Bomb Attacks Rattle Businesses




The spate of terrorist bomb attacks that has hit Russia over the past few weeks looks bound to hurt the nation's economy, with the services sector already showing signs of strain.


And even as most manufacturing businesses are playing down the possible negative effects of the bombs, the stock market has plunged, down 19.6 percent on the week. The Moscow Times Index of 50 leading shares closed Friday at 61.61, its lowest level since May 13.


Direct losses so far have been in the order of 800 million rubles ($31 million), while hostilities in Dagestan have cost another 3 billion to 7 billion rubles, according to government estimates cited by Alexander Zhukov, head of the State Duma budget committee in a recent interview on radio station Ekho Moskvy.


However, the indirect costs that could result from the disruption to businesses - both from the fears released by the bombs and from the heightened security measures enacted in their wake - could well be comparable with the direct losses or even exceed them, analysts and business figures said.


"First, there came a financial crisis, then a war in the Balkans and now, when everything seemed to be over, there are bombsexploding in town," said Jennifer Yeremeeva, head of the Moscow representative office of U.S. firm General Tours.


In Moscow, the stock market tumbled immediately after the second bomb blast Monday morning.


"It was an awful week," said James Fenkner, equity strategist with Troika Dialog. "People find it hard to find anything good in Russia."


But Fenkner expects the markets to stabilize next week.


"In the big picture, this is an incredible opportunity," he added.


Russian Eurobonds have also been hammered by the bad news, shedding up to 7 percentage points. Traders say that Eurobonds were mostly down on short selling by London Club members, but the series of attacks accelerated the fall.


"The bomb blasts just made sentiment even worse than it already was," said Maksim Arkhipov, trader with Nomura Securities in London.


According to JP Morgan, Russian debts now yield 37 percentage points above U.S. treasuries. Only Ecuador - on the verge of defaulting on its external debts - has a larger spread, of 38 percentage points. Brazil's spread is a mere 10 percentage points.


There are no estimates available for the overall impact of terror campaigns on an economy, but statistics available in the West show that about a third of the costs to the nation of any such series of attacks can be attributed to the disruption to business life.


According to a book entitled The Impact of Catastrophes on Shareholder Value, published in Oxford this summer, the initial impact on the value of corporate entities varies from -5 percent to -11 percent.


Meanwhile, the atmosphere in the Moscow services sector - especially in tourism and hospitality - is grim.


Yeremeeva said General Tours had recorded very few cancellations, but they have received a wave of at times panicky inquiries. The firm has had to drop the fees that it normally levies on customers who cancel already-booked trips in order to maintain customer volumes.


General Tours organizes trips to Russia for 3,000 to 5,000 people a year, Yeremeeva said. She declined to provide estimates for this year, but admitted that sales would be down.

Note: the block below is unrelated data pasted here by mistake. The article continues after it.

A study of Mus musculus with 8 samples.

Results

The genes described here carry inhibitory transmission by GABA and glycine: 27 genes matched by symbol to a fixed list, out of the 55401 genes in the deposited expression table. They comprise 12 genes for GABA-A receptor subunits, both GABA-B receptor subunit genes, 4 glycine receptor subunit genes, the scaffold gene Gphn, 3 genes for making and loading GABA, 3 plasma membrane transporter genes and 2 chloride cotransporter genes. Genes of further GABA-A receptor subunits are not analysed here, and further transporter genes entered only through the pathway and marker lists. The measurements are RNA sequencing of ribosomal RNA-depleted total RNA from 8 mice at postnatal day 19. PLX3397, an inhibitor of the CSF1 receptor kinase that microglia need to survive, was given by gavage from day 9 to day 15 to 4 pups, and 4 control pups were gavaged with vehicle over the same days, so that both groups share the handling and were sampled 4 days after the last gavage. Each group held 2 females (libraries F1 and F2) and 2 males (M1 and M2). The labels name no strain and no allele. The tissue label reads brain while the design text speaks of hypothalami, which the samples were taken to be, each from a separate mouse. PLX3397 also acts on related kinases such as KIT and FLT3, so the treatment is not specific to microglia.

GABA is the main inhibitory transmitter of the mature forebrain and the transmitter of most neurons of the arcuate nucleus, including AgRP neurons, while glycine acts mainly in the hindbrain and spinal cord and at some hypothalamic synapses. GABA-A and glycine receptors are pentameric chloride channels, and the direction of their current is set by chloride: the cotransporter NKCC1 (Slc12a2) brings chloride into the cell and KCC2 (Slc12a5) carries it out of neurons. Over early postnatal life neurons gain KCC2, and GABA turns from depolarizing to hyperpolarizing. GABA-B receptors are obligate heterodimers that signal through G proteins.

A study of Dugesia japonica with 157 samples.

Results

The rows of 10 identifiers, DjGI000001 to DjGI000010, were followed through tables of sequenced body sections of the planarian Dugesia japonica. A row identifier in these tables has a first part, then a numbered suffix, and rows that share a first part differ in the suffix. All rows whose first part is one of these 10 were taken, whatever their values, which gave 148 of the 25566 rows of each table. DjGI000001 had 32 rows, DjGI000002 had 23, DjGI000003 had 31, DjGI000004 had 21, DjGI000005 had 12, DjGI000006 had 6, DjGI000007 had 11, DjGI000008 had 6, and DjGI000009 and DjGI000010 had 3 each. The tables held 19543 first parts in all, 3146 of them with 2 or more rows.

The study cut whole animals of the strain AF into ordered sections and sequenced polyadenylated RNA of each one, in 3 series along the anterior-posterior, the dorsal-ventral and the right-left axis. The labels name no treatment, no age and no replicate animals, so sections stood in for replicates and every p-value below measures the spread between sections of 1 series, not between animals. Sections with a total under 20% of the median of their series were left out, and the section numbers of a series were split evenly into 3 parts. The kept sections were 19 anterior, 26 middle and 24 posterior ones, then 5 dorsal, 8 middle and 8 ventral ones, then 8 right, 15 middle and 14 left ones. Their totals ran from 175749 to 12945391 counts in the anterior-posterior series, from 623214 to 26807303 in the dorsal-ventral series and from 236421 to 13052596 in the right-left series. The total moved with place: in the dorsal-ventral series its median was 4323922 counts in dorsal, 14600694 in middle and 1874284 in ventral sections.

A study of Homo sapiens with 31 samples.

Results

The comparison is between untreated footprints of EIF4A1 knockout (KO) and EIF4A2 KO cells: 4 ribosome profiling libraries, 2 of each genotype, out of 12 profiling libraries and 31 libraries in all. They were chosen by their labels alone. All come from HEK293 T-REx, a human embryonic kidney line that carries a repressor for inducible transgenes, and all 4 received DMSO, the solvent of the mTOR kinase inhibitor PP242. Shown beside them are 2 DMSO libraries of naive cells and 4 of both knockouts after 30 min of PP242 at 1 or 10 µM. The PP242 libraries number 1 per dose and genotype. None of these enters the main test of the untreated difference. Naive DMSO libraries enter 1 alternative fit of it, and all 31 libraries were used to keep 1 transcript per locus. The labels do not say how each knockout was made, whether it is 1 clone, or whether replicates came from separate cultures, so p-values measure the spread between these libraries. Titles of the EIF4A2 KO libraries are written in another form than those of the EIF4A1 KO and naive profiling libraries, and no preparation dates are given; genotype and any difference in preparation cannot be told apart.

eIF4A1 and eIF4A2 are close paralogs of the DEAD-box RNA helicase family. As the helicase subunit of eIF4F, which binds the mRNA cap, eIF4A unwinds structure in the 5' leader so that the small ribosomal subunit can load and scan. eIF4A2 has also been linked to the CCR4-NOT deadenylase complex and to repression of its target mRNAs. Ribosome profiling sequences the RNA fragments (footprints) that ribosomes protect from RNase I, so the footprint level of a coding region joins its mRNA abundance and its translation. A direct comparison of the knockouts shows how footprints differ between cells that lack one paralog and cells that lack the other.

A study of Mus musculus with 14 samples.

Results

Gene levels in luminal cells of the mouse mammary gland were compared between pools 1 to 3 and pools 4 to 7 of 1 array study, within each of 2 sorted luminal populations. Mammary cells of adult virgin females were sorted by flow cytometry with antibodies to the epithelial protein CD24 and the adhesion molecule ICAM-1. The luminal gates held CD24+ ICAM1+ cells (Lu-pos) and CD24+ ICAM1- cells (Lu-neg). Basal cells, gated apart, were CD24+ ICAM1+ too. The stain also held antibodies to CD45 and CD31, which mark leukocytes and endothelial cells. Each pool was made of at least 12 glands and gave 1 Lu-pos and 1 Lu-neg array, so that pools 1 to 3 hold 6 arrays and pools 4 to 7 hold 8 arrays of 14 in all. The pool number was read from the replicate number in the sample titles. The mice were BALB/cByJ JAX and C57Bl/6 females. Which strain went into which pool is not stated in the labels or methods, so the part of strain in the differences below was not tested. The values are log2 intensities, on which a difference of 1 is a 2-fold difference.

The Moscow office of another tour operator, Tumlare Corp., based in Denmark, also reported cancellations.


In many tour groups they booked - usually from 20 to 35 people in size - two to four clients pulled out.


"We are doing pretty well," said Anna Yemina, tour operator at Tumlare's Moscow office. "So far, only one group has canceled its trip. Others are just smaller than expected."


The hotel business has also been badly hit by cancellations. "We have people who have canceled reservations," said a Sofitel-Iris official, who declined to be identified.


But the damage to the hospitality industry - already suffering thanks to a reduction in business travel caused by Russia's economic downturn - is likely to be long lasting.


"The main effects will be felt next year, because tourist trips are planned a year in advance," said Konstantin Radushevich, director general with Welt Reisen travel agency.


"Now we have more tourists than a year ago."


This is partly due to election fever, Radushevich said.


"We organize trips for [Moscow Mayor Yury Luzhkov's political party] Fatherland from St. Petersburg to Moscow and vice versa," he added. "This year, this is a separate business."


Real-estate brokers hope that the blasts will not push prices further down, but agree that the office rental business is in for more hard times.


"If the market reacts, it reacts with a lag," said Yury Karamalikov, marketing manager with MIEL real-estate agency. "Only shadow brokers who sell rented office space will take a hit."


Meanwhile, as a direct consequence of the Moscow bombings - two of which were caused by explosives planted in basement storage spaces - several small businesses located in basements have reported that they closed down this week.


And foreign businesses operating in Russia have been forced to take precautions.


Coca-Cola upgraded its security system, changed all passes for vehicles entering its territory in Moscow and tightened access for individual visitors.


All of its guests and expatriate workers were issued with certificates confirming the purpose of their visit after the local authorities announced that all nonresidents must re-register.


The mayor's rhetoric regarding the need to scrutinize the city's guests has had little impact on many of the multinationals with offices here, including Coca-Cola.


"Since the early '90s, the proportion of foreign staff, including managerial positions, declined to less than 3 percent of our total employees," said Dmitry Chukseyev, governmental relations manager with Coca-Cola Russia.